This is the sixth in a series of entries about the little parts of polyamory, from individual perspectives.
I was nervous about meeting my wife’s girlfriend for the first time. Because I thought that their relationship was the begging of the end of my marriage.
In nearly all of my relationships, both mono and poly, same-sex attraction has been an element. I have been dumped on a number of occasions for women. A big part of my college triad flying into bits was that they wanted to change the relationship to be just about them. Everyone that I’m seeing now is on the bisexual spectrum somewhere.
I went through a year of my life where I thought I had this weird power to turn women into lesbians by hugging them. This is completely fucking ridiculous of course, and has to do with the people I am attracted to instead of anything I was or was not doing. But it can be disconcerting to have a long streak of crushes come out of the closet at the mere hint of feeling attracted to them.
So when my wife told me about her girlfriend, I was totally triggered by their relationship. I know that popular culture says that I was supposed to be really into the idea of my wife dating another woman, but to me it was full of spookiness and ethereal threats.
I took it into therapy, and hacked at it from a bunch of different angles for more than a month. I talked about it with my girlfriend, who was patient enough to hold my hand while I talked it out and cried it out on her. I talked to friends of mine about what was going on, and the ones that knew my old shit nodded and smiled and tried to get me out of my old pattern. And it took me about a month before I felt I had processed my patterns enough that I was okay meeting her.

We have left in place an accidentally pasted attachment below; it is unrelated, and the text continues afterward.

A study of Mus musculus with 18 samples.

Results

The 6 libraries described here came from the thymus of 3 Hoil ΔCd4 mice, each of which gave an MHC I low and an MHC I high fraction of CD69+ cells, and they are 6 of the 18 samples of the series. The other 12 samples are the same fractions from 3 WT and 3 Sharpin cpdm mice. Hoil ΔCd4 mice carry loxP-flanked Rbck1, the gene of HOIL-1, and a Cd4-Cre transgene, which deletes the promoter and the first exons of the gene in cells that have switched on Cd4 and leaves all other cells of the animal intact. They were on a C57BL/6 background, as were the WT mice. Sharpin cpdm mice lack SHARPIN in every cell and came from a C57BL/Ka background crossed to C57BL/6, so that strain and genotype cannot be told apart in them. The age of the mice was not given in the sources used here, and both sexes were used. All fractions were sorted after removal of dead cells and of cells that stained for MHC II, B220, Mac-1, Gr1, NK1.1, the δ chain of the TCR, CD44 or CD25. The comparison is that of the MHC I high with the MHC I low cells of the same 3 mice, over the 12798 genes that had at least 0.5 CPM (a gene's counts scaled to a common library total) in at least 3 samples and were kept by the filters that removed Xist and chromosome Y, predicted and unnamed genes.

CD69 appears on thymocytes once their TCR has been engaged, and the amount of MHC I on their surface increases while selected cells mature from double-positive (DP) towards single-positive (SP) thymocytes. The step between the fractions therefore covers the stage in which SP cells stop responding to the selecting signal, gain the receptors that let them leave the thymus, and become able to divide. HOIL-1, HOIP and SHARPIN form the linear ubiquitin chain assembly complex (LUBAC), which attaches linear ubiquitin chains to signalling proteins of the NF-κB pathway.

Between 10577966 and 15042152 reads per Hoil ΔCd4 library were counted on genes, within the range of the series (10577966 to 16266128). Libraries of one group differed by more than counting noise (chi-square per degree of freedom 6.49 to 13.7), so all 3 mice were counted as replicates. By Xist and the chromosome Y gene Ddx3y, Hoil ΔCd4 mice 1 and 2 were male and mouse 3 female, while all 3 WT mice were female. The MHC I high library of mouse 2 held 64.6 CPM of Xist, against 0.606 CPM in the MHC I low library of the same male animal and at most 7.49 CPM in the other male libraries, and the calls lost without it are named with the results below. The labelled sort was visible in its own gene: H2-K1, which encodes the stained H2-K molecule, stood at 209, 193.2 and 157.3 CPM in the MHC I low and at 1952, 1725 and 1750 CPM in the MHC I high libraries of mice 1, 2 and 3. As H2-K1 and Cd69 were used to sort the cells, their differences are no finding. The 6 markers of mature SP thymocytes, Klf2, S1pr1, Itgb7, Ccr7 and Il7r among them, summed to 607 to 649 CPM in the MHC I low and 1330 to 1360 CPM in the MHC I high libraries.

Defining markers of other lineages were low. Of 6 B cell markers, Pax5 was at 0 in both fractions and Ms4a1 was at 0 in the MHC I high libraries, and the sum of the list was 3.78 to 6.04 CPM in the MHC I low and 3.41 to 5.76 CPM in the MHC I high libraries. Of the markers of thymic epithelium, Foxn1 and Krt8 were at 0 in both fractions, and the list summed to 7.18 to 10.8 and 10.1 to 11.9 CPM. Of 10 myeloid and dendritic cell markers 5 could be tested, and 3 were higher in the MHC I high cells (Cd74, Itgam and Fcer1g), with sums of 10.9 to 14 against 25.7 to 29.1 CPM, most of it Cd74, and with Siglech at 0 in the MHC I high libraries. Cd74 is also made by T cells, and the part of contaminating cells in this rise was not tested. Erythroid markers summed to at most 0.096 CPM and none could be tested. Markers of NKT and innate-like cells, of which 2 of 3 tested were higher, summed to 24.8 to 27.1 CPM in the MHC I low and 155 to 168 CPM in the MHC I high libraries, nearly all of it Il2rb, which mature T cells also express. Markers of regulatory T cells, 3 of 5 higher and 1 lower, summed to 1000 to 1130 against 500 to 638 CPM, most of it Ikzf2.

Of course it was awesome, because she’s really great. I like spending time with her. I like when she is over at the house. I like the happiness that it brings to my wife, and how that makes our relationship better. It was my first true encounter with compersion with my wife, and I loved it.
But my wife’s girlfriend has a small problem. She likes to raid our kitchen. If she’s hungry and someone is around and awake, she’ll totally ask if it is okay to have some food. But if there is no one awake in the house when she’s hungry, she totally goes and raids the pantry. And she was eating all of our good granola bars.
Instead of having a conversation about eating the good granola bars (like they probably should have), my wife went out and bought some generic granola bars, and left them in plain sight. And her girlfriend totally went for them, leaving the expensive ones safe in the cupboard. Everyone was happy.
I was telling this story the other night to a bunch of friends. I love to tell it because I find it hilarious the way that my wife conducted that small little sliver of their relationship. But I’ve been thinking about it over the last few days, and I realized that the telling of that story is the way that I frame conversations about their relationship, and how I got through those insecurities and triggers.
Because before I even get to tell people about the granola bars, I’m talking about my feelings, my worries, and my way of approaching them. The granola bar story becomes a decoy of its own, and it provides a cover for me to be able to talk about my insecurity and the corresponding compersion. Sometimes I need to remember that I put in the work, and ended up with this really nice part of my life that I wouldn’t have had otherwise. It is also a structure for me to be more open with others, and get their comments, and hear their stories. And that allows me to learn from them, so that the next time I find myself triggered and insecure, I have more information to work from.
I’m happy to do the work. But sometimes I need a decoy.